Clinicians should be aware that patients with a history of stroke are at a much higher risk of developing herpes zoster (HZ) than the general population, especially in the first year of recovery.
That’s according to a report in PLoS One, which calculates that patients with stroke had a 25.27 times higher risk of HZ compared to the general population over a 1-year follow-up period and a 3.44 times higher risk of HZ over a 5-year follow-up period.
Kaohsiung Medical University–led researchers say that the higher risk affected both male and female stroke patients compared with controls but varied by age.
Researchers also note that both hemorrhagic stroke and ischemic stroke were significantly associated with increased risk of HZ (hemorrhagic type [IRR = 2.31; 95% CI, 1.67-3.20]; ischemic type [IRR = 2.51; 95% CI, 2.09-3.02]). “Specifically, hemorrhagic stroke was associated with an increased risk of HZ ophthalmicus and ischemic stroke was associated with an increased risk of post-herpetic neuralgia,” they explain. “To our knowledge, this is the first cohort study to compare HZ risk between hemorrhagic stroke and ischemic stroke.”
As a result of their findings, the authors urge healthcare professionals to make sure stroke patients have been vaccinated against HZ.
To determine whether stroke increases HZ risk, the cohort study compared patients who had HZ with and without a first incident of stroke using the Taiwan National Health Insurance Research Database. Included were 20,551 stroke patients and 20,551 controls matched for age, gender, age categories, and Charlson Comorbidity Index score categories at a one-to-one ratio.
“Physicians should know about that adults with stroke have a higher than normal risk of herpes zoster,” the authors write. “Thus, physicians must be acquainted with proper antiviral therapy and pain control to bring down the morbidity that ensues from herpes zoster. Use of herpes zoster vaccine may be considered in stroke patients.”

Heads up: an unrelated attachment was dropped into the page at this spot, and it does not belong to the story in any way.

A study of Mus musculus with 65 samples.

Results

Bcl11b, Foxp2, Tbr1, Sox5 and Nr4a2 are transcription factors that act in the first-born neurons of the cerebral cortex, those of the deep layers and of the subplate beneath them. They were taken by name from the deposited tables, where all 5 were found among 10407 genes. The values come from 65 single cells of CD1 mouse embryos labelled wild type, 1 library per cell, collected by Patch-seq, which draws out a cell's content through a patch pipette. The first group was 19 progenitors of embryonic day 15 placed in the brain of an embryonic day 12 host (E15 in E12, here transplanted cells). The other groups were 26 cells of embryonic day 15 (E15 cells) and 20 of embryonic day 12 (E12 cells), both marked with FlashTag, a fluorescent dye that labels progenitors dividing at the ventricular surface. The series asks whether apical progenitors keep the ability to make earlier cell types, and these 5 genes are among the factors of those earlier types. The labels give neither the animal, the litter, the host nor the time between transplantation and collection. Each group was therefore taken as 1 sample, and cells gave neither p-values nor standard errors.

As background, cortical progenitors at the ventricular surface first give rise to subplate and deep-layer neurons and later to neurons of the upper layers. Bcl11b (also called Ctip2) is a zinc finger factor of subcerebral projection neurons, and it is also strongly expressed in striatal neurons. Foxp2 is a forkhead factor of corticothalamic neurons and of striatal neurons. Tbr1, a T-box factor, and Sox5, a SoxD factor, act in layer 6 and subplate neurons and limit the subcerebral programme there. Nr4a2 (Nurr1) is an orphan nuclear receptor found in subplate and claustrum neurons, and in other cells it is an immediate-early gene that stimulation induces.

Noting that risk factors for HZ include “female gender, mechanical trauma, genetic susceptibility, interleukin 10 gene polymorphism, as well as weakening of the immune system [due to the aging process], comorbidity [drug exposure], disease severity and nutritional deficiencies,” researchers posit that the casual pathway between stroke and HZ could have several causes.
Among them are:
• Stroke results in a localized depletion of oxygen and energy, which causes death of cells in the affected areas. The resulting inflammatory process could put stroke patients at risk for HZ in addition to fatal secondary infections.
• Depression is a common complication after stroke, and depression can have neuro-endocrine and immunological/inflammatory effects. In fact, past research has shown that depression and other mood disorders are associated with increased HZ risk.
• HZ is usually seen in elderly immunocompromised patients, which is consistent with this study’s result showing that the incidence of HZ increased with age in stroke patients. Older age is considered the most important attributable factor in stroke and HZ.